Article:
New year, new music

Posted by: Richard Abbey
New year, new music supporting image

Discover something new in 2021. These artists are set to make noise for all the right reasons.


Covering pop, rock, indie and rap, there's something to suit all musical tastes.



Billed as the 'unstoppable new voice in UK pop', GRACEY releases her six-song mini-album The Art Of Closure along with brand new single, 99%.

Having already made waves last year with a string of catchy-as-hell pop gems (including most recent single ‘Like That’ which currently sits comfortably on the Radio 1 playlist), the 22-year-old Brighton born star became a household name by scoring her first ever Top 10 single in the UK charts and on TikTok.

The Art Of Closure is the sound of this fiercely talented new popstar firmly in control of her ascent, celebrating everything she has achieved so far and looking forward to her brilliantly beckoning future. Between its astounding six tracks lies a story of vulnerability at its most powerful as GRACEY sits inquisitively and assuredly in her own relatable feelings and explores how you can protect yourself – from yourself, your heart, social media and life spent increasingly in the spotlight. 

“I’m so excited for my mini album to be out in the world!" she said. "Throughout the process of writing these songs I found I started to understand myself better, not only as an artist, but as a person. The lyrics are honest and upfront (a lot of them formed from shower thoughts of things I wish I had said) and I’d like to think there’s power in their truthfulness.


Pa Salieu

Recently chosen as the BBC Sound of 2021, Pa Salieu is a 23-year-old rapper from Coventry. Proud of his Gambian heritage and fluent in Wolof, Pa has a deep-rooted belief that music is a calling bigger than him, whether that’s down to his families tribe’s folk music background or the death of his close friend AP which drove him to write his first lyrics.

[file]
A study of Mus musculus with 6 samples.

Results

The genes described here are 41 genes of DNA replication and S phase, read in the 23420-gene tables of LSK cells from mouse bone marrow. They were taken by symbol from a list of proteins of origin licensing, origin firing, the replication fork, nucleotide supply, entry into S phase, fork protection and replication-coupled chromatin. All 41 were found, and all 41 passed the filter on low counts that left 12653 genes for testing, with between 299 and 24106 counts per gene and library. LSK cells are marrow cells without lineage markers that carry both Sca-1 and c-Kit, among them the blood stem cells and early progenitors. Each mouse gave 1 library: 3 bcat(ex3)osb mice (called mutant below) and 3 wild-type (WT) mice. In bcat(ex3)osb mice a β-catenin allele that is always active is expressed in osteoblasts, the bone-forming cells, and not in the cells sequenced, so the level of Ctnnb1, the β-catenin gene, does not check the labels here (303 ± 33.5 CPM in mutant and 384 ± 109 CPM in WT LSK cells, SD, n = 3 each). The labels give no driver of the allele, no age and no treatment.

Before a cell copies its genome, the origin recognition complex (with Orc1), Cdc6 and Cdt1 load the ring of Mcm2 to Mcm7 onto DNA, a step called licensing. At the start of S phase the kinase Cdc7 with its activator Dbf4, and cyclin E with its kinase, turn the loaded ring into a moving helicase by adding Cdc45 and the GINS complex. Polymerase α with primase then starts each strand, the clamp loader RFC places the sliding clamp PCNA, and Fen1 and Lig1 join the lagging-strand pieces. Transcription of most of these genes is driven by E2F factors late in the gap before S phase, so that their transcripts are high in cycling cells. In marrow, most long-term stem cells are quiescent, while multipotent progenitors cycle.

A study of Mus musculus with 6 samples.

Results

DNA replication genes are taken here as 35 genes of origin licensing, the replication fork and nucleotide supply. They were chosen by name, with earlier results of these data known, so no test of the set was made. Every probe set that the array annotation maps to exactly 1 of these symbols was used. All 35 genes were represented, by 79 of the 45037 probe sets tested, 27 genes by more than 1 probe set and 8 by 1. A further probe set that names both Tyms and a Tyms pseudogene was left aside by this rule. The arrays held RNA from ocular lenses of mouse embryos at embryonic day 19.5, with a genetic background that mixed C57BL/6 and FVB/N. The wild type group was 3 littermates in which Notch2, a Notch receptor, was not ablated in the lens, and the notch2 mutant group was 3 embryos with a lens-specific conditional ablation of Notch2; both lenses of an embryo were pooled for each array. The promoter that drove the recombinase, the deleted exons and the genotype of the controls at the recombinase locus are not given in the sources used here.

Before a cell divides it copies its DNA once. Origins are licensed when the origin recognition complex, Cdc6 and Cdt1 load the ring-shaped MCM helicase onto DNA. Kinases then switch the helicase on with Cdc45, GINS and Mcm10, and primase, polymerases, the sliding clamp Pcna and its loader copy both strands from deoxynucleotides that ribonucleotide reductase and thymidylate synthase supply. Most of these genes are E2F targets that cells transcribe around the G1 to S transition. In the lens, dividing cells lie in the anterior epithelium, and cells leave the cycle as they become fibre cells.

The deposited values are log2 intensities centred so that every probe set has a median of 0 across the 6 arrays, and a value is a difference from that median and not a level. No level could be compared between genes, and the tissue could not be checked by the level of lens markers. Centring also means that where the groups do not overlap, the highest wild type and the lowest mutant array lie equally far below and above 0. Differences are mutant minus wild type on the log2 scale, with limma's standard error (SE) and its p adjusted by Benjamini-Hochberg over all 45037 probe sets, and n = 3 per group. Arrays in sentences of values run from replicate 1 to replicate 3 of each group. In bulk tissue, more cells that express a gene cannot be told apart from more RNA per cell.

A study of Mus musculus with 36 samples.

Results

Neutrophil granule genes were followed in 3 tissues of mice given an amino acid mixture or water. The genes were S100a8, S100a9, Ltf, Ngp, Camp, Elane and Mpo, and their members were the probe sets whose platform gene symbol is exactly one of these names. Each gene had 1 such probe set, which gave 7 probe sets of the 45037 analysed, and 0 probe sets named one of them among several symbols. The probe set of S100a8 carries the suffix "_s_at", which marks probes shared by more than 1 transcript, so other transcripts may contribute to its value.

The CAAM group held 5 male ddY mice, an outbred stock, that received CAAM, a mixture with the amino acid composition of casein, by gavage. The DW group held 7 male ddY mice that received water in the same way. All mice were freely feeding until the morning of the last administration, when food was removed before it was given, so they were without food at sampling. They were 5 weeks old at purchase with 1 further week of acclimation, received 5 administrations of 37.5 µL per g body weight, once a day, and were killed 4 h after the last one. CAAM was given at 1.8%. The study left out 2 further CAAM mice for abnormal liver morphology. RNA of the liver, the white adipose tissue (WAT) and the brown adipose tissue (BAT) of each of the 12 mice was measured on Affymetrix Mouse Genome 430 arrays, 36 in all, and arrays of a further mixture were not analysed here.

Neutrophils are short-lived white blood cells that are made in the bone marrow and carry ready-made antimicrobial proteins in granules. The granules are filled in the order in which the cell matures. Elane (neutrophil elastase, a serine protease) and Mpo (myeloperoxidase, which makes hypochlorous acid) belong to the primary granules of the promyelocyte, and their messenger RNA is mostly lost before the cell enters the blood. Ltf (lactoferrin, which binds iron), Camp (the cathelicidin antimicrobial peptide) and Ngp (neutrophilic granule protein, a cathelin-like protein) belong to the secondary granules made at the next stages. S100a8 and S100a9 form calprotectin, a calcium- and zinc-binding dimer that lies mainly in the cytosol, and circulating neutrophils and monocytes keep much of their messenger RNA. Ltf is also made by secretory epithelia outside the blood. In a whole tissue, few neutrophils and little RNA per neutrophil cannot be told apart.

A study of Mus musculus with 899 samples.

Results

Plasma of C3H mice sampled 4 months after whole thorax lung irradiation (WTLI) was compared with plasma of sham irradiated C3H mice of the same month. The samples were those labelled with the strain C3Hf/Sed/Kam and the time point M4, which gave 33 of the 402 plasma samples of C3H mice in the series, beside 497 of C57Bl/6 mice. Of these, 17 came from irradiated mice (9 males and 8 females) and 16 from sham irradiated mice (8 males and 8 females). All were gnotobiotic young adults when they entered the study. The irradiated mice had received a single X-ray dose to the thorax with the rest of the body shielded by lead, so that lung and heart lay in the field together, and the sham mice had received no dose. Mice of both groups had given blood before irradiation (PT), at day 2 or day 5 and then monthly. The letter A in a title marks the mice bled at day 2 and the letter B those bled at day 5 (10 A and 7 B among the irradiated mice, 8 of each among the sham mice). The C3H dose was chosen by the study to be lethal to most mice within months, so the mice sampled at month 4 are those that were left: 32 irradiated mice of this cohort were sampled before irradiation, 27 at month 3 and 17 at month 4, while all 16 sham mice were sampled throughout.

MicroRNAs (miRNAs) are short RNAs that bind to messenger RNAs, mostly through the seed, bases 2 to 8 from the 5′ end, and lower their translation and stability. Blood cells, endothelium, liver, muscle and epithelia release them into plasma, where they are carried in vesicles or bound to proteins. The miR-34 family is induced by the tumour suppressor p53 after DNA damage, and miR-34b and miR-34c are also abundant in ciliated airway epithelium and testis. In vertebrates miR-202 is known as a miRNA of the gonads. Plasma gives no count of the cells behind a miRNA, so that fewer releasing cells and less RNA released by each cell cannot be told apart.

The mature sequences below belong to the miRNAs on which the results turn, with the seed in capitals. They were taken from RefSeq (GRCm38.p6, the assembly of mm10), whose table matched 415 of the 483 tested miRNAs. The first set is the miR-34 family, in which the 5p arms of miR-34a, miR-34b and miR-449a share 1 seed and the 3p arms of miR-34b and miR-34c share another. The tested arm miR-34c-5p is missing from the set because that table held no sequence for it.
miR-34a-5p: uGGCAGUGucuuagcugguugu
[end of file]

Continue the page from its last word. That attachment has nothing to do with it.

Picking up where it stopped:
He is a pioneering force across British youth culture – whose message and energy knows, no borders. A street prophet – an old spirit, old soul who offers a fresh and fiercely independent look at a life that many can relate too.

He is and keen to represent his culture wherever possible, blending his West Midlands upbringing and Gambian heritage into a uniquely powerful brand of rap that has seen him carve out space as the most exciting new voice in British music.

Pa is touring in May - Covid permitting.


Rudie Edwards

Having grown up on a musical diet of classic indie rock, her Barbadian father’s record collection, her grandad’s jazz and soul, and a healthy obsession with Prince, the positive reactions Rudie would get when singing initially drew her towards a music career. 

She moved to London aged 16 where she attended The BRIT School. A versatile writer, she’s spent time writing music for herself and others; a stint in America had her flying between LA and New York and had her working with CeeLo Green on records for his HeartBlanche LP. 

The disparity between teenage years spent looking out to the sea, wanting to see the world, to gaining perspective from the other side, has inspired her forthcoming debut body of work Worst Ways which is expected to follow soon.

Recent single 'Young' recalled her first love. “It’s my little thank you to him,” she says of her first love. “My little thank you for the things I miss from back then.” She learned to love The Smiths for him, and subsequently left him behind when she moved to London to pursue her dreams of a career in music.


Stephanie Cheape

The flame-haired, fiery singer is the current holder of the hotly contested title: Capital FM Best Unsigned Act.

Last summer she was tearing it up at festivals including TRNSMT, Belladrum and Party At The Palace, headlining the legendary King Tut’s in Glasgow and supporting the likes of Bryan Ferry in front of thousands at Glasgow’s iconic Kelvingrove Bandstand at Regular’s Summer Nights.

“I’m sick of female artists getting the raw end of the deal. We are talked about more for how we look than how we sound. And of course, I’ve got to fall into a neat little box. I’ve got to sound like Dua Lipa or like Kylie or like Madonna or whoever," she said.

"I’m here to shake this industry up. To show female artists this is our stage, our arena, our music. There’s so much resistance from the old boy’s club to strong women and I’ve had enough."